More Hospitals Following Breastfeeding Standards According to a recent Centers for Disease Control and Prevention report, the percentage of US hospitals that follow international guidelines to promote breastfeeding (designating them “baby-friendly”) has grown from 29 percent in 2007 to 54 percent in 2013. The steps include 10 practices endorsed by the American Academy of Pediatrics. Examples of these practices include: communicating breast-feeding policy to hospital staff, helping mothers initiate breast-feeding within 30 minutes of birth, encouraging breast-feeding on demand, and giving newborns no food or drink other than breast milk unless medically indicated, such as when taking a prescription that could be harmful. Hospitals also must not accept free formula from companies. These practices can make a difference in whether or not a mother breastfeeds as well as how long she will continue. Partly due to antibodies in breast milk, babies who breast-feed have reduced risks of respiratory and ear infections, asthma, sudden infant death syndrome, diabetes and obesity. The American Academy of Pediatrics says breast-feeding reduces postpartum bleeding in mothers and reduces their risk of breast and ovarian cancer. Breastfeeding also has been shown to help mothers return to their pre-pregnancy weight. You can read more about the report here.
Women with Elevated Blood Sugar Levels During Pregnancy are More Likely to Have Babies with Congenital Heart Defects New research out of Stanford University School of Medicine and Stanford Children’s Health found that pregnant women who have elevated glucose levels that don’t meet the diagnostic criteria for diabetes also face an increased risk for having children with congenital heart disease. While the risks of gestational diabetes have been well-studied, less attention has been paid to smaller metabolic changes in pregnancy. “I’m excited by this research because it opens up a lot of questions about how physiologic processes in the mother may be related to congenital heart disease,” said James Priest, MD, the study’s lead author and a postdoctoral scholar in pediatric cardiology. “Most of the time we don’t have any idea what causes a baby’s heart defect. I aim to change that.” The article can be found here.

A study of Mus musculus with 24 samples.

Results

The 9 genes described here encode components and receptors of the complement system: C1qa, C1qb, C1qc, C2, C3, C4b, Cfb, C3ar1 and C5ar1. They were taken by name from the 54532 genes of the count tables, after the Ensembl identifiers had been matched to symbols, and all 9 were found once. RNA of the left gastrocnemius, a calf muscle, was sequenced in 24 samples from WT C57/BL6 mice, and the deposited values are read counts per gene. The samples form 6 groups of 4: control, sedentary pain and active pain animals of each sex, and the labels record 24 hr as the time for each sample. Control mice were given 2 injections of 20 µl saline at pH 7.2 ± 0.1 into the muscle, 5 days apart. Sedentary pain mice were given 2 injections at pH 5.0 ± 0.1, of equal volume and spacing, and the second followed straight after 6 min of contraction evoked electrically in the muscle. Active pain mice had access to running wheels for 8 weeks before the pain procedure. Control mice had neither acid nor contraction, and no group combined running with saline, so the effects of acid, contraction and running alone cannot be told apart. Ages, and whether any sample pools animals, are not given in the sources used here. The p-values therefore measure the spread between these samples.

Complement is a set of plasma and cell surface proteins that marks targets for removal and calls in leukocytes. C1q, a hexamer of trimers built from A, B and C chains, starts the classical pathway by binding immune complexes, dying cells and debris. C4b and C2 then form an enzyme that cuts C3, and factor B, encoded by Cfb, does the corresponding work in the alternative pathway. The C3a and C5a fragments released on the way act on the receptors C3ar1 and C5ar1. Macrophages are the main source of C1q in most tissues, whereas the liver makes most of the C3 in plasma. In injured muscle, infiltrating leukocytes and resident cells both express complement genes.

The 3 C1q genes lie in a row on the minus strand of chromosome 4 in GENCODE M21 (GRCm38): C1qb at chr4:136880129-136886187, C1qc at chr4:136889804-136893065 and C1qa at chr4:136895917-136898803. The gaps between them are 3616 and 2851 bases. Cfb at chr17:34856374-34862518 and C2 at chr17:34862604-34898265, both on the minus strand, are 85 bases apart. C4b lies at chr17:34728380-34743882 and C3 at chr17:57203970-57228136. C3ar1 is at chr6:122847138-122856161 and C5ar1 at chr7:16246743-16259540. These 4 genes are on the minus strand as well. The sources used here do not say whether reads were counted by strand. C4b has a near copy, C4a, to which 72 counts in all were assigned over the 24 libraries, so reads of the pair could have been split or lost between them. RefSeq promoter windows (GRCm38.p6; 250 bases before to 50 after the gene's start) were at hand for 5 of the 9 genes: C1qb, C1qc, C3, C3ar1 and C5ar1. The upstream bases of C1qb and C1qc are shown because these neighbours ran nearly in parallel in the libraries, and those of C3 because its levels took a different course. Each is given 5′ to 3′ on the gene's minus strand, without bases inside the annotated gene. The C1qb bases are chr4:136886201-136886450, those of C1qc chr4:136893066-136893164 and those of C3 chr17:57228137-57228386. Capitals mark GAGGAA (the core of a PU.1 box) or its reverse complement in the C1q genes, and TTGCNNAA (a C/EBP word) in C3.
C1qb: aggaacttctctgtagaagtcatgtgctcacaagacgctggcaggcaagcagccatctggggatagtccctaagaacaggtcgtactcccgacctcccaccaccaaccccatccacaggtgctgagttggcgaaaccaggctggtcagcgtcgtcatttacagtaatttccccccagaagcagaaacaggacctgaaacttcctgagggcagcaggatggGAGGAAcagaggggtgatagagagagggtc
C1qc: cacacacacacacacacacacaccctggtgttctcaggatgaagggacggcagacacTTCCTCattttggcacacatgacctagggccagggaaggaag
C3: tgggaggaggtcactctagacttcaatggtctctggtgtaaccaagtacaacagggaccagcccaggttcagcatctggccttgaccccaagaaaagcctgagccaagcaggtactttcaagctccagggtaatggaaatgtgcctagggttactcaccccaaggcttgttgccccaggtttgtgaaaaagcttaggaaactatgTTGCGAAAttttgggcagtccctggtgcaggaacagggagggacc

Smoking Around Young Children May Lead to Behavioral Problems Researchers from Inserm and Pierre and Marie Curie University (UPMC), in collaboration with the university hospitals of 6 French cities have found that pre- and postnatal exposure to tobacco can lead to behavioral problems in children. The association is stronger when exposure takes place during pregnancy and after birth. “Our data indicate that passive smoking, in addition to the well-known effects on health, should also be avoided because of the behavioral disorders it may cause in children,” concludes the researcher. Read more about the study here.
Infants Benefit from Word Repetition Recent research from the University of Maryland and Harvard University finds young infants benefit from hearing words their parents repeat. “Parents who repeat words more often to their infants have children with better language skills a year and a half later,” said co-author Rochelle Newman, professor and chair of UMD’s Department of Hearing and Speech Sciences (HESP). “A lot of recent focus has been on simply talking more to your child — but how you talk to your child matters. It isn’t just about the number of words.” To read more about the study click here.